On Fernando and Mark’s penalties

We are all upset by Webber’s penalty from yesterday. The interaction between him and Fernando was a sight for sore eyes. In the midst of intensifying rivalries and drivers enduring completely unwarranted booing as they receive their trophies on the podium, it was wonderful to see genuine friendship, even plain sportsmanship, come to the fore.

And for it all to end with both men given a reprimand, and subsequently for Webber a 10 place grid penalty, was very disheartening to see.

But it was necessary.

While it was nice to see Alonso give a ride to Mark after his car broke, it was dangerous. To top it off, it wasn’t even what Webber was penalized for. Only Alonso was reprimanded for offering, and eventually giving, Mark the lift.

No, Webber was punished for something completely justifiable and, frankly, necessary.

Mark entered the track, after he got out of his burning Red Bull, without the expressed permission of the Marshals. This is forbidden by FIA regulation, thus it was only correct that Mark received due punishment.

The fact that this happened to be Mark’s third reprimand of the season, thus giving him an automatic 10 place grid penalty in the next race, was a dreadfully unfortunate and terribly timed case of bad luck.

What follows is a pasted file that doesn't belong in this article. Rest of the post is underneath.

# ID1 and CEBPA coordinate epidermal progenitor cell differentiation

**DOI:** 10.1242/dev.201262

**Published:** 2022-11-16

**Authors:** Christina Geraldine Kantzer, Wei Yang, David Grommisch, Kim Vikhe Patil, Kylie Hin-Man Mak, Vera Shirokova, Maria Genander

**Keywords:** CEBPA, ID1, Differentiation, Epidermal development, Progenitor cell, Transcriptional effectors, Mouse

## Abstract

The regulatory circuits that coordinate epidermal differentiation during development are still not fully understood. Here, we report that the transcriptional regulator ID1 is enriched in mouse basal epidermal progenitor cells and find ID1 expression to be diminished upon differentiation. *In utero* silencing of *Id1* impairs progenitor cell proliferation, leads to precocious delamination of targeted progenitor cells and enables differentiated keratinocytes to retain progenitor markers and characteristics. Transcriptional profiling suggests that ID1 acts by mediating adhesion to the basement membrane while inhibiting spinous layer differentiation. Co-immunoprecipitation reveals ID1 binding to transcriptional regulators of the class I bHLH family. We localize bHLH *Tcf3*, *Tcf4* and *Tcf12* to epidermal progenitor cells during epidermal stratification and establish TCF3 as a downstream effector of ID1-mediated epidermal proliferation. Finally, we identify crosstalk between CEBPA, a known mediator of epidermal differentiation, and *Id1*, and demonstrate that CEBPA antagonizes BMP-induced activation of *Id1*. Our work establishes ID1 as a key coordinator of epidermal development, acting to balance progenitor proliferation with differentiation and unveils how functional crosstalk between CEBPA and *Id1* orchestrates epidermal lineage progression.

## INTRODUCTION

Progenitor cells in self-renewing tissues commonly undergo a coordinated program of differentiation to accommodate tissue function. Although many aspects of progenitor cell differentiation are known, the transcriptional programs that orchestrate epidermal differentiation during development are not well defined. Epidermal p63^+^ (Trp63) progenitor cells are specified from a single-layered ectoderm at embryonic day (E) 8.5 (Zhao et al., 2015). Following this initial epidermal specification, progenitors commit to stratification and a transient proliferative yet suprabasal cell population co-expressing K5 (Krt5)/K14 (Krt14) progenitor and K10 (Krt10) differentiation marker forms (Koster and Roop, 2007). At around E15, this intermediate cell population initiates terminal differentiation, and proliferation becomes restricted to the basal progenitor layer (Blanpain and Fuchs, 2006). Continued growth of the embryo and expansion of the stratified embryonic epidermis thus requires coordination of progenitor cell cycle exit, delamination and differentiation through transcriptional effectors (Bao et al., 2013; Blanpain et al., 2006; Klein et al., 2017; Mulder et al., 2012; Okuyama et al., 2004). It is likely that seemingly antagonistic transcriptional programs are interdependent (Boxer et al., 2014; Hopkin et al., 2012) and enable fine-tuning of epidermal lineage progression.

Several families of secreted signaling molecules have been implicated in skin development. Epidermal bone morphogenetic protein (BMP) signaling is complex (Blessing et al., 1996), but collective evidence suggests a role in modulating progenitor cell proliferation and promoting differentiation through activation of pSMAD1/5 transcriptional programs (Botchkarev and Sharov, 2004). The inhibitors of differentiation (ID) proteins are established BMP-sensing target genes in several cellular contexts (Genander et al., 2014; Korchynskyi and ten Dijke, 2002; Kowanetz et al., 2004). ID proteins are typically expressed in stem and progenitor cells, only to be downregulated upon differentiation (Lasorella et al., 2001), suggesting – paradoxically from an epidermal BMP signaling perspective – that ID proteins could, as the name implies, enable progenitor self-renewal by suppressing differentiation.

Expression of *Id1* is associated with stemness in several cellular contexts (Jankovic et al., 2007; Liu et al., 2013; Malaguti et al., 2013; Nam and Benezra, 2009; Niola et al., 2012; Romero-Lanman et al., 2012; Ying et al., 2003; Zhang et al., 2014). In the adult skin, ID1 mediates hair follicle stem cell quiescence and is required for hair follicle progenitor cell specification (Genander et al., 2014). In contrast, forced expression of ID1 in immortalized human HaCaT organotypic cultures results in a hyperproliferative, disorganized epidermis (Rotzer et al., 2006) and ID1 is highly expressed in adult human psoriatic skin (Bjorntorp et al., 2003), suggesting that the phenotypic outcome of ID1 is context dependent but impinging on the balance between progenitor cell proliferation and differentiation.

But that is all it was. Frankly, mark’s forbidden entrance to the track, and his subsequent ride with Fernando, is a much more pressing matter of safety than we all made it out to be. When you remove the rose-tinted glass, it was an outright and blatantly dangerous thing to do.

Yes, some of the sport’s most iconic images and beloved memories stem from these types of generous and sportsman-like acts of kindness, but safety must be considered.

It would take only the slightest of mistakes on Fernando’s part to offset Mark’s precarious position on the side of the car and throw him onto the track and into the path of oncoming cars. The fact that Hamilton and Kimi had to take evasive action when nearing Alonso (this was taken into account when the penalties were dolled out) speaks to the grave danger Mark could have been in should something have gone wrong.

Had Alonso pulled into a safer area of the track, and had Mark gotten the express permission from the marshals to enter the circuit, none of this would have happened. But it did.

We all love when drivers are nice to each other. It makes the sport more human. We can connect with it. It makes the drivers seem more like people than robots.

We all remember what happened in Germany, though. That rouge tire caused a lot of physical and mental trauma for that cameraman and his family. But that was a freak accident. Mark and Fernando were acting in complete consciousness.

I’m not suggesting for a second that any potential accident that could have happened would have been on purpose, but any accident that could have happened would have been a direct result of a conscious decision to do something that was, however consciously they thought about it, overtly dangerous.

Safety is the message here. Mark wasn’t punished for the ride, he was punished for getting back on the track in the first place.